This is a tale of warning of spammers, junk email and outright faked but real looking websites. And don’t try this at home unless you know what you’re doing!
The other night I received an email from what my inbox described as “Daniel W Dishno” from an sbcglobal email address. The cryptic message to me said “check this out when you get a chance.”
It was a link. And the link looked like it was an MSNBC MSN dot COM web address. The web address brought me to what looks like an article on “Careers on NBCNEWS.com,” or at least that’s what the page header said.
But I noticed that the link did not match the title. Usually when there’s an article out there, it consists of a home link, then a few other tidbits. (Look at my own link above, you’ll see what I mean.)
In the article it said that,
“Patricia Feeney of Houston, Texas never thought she would have a job working at home until one day she filled out a simple form online.”
It’s pitching a revenue system where you can make $5k a month from home. As I was looking over this “article” I noticed they said the number 1 source are online affiliates like Google, Yahoo, Facebook, Twitter, etc., and it quoted that “The job brings in about $87,000 annually.”
That was a nice mix of word play, making you think you can apply to an affiliate, sit on your ass and make $87k from home.
To find out more, all you have to do is send this “Home Revenue System” organization $10 to get the info, or, “a trial.”
After the first paragraph or two, it goes on to ramble about best and worst jobs.
I had a few problems with this outright lie of a pitch.
You don’t just sign up and make money off of online affiliates. It takes years of work to get enough “beer money.” It takes years of research to learn how to help your website rank better to get more traffic to make more “beer money.” It takes years to figure out your online competitors will steal your ideas for their own, outrank you for them, and move on while you stew.
What I did notice was that this ad for this b*/sh8! stole the frame work from the MSNBC website and stuck their text in the middle of it. The links around the web page seem to point to MSNBC articles.
To confirm that this might or might not be what it seemed to be, I opened a new browser window, went to… you guessed it, (http://www.msnbc.msn.com) and did a search for the article title from the other browser.
I know you will be shocked to see this, but this article appeared nowhere on the site. Go figure!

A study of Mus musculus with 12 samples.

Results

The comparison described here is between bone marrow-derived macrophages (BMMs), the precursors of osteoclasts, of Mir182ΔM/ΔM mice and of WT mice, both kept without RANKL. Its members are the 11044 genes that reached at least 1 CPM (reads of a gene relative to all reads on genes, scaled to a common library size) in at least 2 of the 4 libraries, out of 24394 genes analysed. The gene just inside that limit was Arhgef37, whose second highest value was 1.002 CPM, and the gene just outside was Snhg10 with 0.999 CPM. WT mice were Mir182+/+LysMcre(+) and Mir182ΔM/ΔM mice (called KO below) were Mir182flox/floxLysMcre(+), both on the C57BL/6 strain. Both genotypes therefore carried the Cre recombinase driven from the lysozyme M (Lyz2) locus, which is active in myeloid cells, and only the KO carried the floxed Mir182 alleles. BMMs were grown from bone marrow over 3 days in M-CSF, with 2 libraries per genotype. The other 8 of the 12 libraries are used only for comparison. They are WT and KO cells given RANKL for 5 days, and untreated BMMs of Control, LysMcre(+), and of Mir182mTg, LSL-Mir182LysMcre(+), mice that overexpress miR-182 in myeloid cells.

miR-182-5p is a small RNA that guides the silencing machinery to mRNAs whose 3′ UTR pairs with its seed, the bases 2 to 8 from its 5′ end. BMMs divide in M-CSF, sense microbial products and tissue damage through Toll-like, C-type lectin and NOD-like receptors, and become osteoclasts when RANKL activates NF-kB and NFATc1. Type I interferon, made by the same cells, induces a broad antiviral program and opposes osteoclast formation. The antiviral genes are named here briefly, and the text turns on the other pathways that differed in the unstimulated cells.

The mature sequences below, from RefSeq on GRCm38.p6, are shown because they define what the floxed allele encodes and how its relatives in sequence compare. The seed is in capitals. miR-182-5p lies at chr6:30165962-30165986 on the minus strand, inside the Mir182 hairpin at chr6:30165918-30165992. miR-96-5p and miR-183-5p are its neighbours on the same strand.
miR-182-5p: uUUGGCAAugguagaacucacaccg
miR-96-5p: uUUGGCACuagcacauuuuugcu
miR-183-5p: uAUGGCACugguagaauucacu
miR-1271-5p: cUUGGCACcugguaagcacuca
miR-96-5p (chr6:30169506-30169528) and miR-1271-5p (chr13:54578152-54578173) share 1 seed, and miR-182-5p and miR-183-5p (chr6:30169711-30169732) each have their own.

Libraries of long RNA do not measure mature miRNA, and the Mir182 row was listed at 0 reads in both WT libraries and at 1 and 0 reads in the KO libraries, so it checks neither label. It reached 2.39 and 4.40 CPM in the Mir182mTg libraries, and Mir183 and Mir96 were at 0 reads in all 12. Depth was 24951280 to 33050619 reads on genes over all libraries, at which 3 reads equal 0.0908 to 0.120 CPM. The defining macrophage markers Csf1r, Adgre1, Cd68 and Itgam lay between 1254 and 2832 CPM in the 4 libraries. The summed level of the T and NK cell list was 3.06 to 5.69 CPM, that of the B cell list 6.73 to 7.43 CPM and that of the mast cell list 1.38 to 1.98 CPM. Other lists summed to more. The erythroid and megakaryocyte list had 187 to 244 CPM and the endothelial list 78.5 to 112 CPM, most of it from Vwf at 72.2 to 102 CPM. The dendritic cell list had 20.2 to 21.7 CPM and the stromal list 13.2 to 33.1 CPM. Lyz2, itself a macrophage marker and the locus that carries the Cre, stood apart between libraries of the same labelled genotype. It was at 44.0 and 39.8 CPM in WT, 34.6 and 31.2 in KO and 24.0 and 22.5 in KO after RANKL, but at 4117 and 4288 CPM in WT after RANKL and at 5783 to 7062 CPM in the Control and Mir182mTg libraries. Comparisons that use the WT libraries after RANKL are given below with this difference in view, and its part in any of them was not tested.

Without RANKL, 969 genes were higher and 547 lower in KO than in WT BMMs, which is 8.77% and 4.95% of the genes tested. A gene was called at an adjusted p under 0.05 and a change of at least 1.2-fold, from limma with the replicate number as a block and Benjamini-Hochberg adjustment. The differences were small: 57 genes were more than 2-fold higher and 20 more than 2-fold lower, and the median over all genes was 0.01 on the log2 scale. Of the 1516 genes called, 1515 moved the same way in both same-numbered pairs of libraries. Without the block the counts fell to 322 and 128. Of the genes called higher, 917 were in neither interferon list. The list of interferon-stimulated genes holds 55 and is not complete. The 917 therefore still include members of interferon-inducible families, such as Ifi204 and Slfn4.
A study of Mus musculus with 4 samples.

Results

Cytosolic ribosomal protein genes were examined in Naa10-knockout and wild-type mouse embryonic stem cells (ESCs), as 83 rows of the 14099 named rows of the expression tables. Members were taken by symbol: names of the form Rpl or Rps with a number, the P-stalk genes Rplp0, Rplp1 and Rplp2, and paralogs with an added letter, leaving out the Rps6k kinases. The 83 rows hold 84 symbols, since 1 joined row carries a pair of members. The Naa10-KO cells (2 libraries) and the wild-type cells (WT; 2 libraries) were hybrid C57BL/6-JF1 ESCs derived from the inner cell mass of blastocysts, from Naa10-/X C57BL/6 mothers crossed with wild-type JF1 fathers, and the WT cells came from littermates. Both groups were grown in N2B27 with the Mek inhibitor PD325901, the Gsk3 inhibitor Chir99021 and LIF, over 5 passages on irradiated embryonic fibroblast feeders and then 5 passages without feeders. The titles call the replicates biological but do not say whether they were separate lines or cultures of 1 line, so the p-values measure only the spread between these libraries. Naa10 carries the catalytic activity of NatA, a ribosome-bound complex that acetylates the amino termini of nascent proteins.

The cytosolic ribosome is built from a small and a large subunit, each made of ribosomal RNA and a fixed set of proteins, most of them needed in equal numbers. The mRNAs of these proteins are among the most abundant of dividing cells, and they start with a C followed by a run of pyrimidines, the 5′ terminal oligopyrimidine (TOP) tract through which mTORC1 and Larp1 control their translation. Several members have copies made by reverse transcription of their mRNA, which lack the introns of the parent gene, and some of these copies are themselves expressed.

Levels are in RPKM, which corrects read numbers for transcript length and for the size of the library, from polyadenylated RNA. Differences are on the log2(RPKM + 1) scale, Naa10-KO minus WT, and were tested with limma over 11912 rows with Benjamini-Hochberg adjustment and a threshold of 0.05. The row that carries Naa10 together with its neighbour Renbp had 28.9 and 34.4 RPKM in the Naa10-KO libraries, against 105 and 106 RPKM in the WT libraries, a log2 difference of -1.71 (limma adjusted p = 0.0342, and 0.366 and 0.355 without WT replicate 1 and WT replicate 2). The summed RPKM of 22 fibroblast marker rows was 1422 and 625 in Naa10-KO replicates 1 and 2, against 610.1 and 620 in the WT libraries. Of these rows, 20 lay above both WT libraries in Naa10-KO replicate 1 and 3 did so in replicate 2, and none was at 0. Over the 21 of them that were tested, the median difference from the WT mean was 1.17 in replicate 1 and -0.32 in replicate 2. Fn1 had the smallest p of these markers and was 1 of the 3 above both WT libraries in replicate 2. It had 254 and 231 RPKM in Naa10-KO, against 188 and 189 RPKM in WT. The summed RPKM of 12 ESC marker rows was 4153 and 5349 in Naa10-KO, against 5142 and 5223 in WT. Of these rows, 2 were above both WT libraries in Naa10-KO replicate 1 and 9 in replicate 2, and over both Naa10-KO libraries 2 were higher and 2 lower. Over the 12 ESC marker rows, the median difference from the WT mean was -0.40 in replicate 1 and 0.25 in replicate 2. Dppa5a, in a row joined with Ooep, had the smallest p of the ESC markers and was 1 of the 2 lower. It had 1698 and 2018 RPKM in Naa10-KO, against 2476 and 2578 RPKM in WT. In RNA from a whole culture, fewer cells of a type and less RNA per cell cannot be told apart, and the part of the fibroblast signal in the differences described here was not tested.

So I hit up WHOIS and checked out the back end of this fake domain name that this email gave me:
[msnbc dot msn dot com dash career9 dot us]
The results from [http://www.networksolutions.
OH!!! And the domain was registered on Nov 14th, 2012. That was a few days prior to my receiving the email.
Yea, sure… MSNBC!
Moral of This Story???
If you get unsolicited emails from folks you don’t know try not to get confused and wonder if you know them.
Most folks who know you will actually write whole entire sentences to you. Or you already know those folks in your address book that send you things with one-liners. Right? And if you delete their one-liners, they probably won’t know because they sent it to everyone.
So don’t trust the links, don’t click on the links. Sometimes link clicking is all you have to do to activate a problem virus or other evil browser issue.
If you do click on a link, I’d suggest not trusting it, even if it looks real. It’s too easy to snag the html from a website and build a page around or in it.
And the links might be masked to look like one thing, but take you somewhere else with built in forwarding on the page… or if you hover over the text of a link with your mouse, you can look at where the link goes down in the bottom window of your browser. (no clicking!!!)
This is how dubious businesses try to snag your money and who knows what else with your machine or even your information.
So be careful gang!
I know some of you already know these things. But there are some that don’t and trust way too many folks!
Now me, I’ve got an email to answer to help launder a million bucks from a relative I didn’t know I had from a country no one in my family has ever gone to or been from! Woot!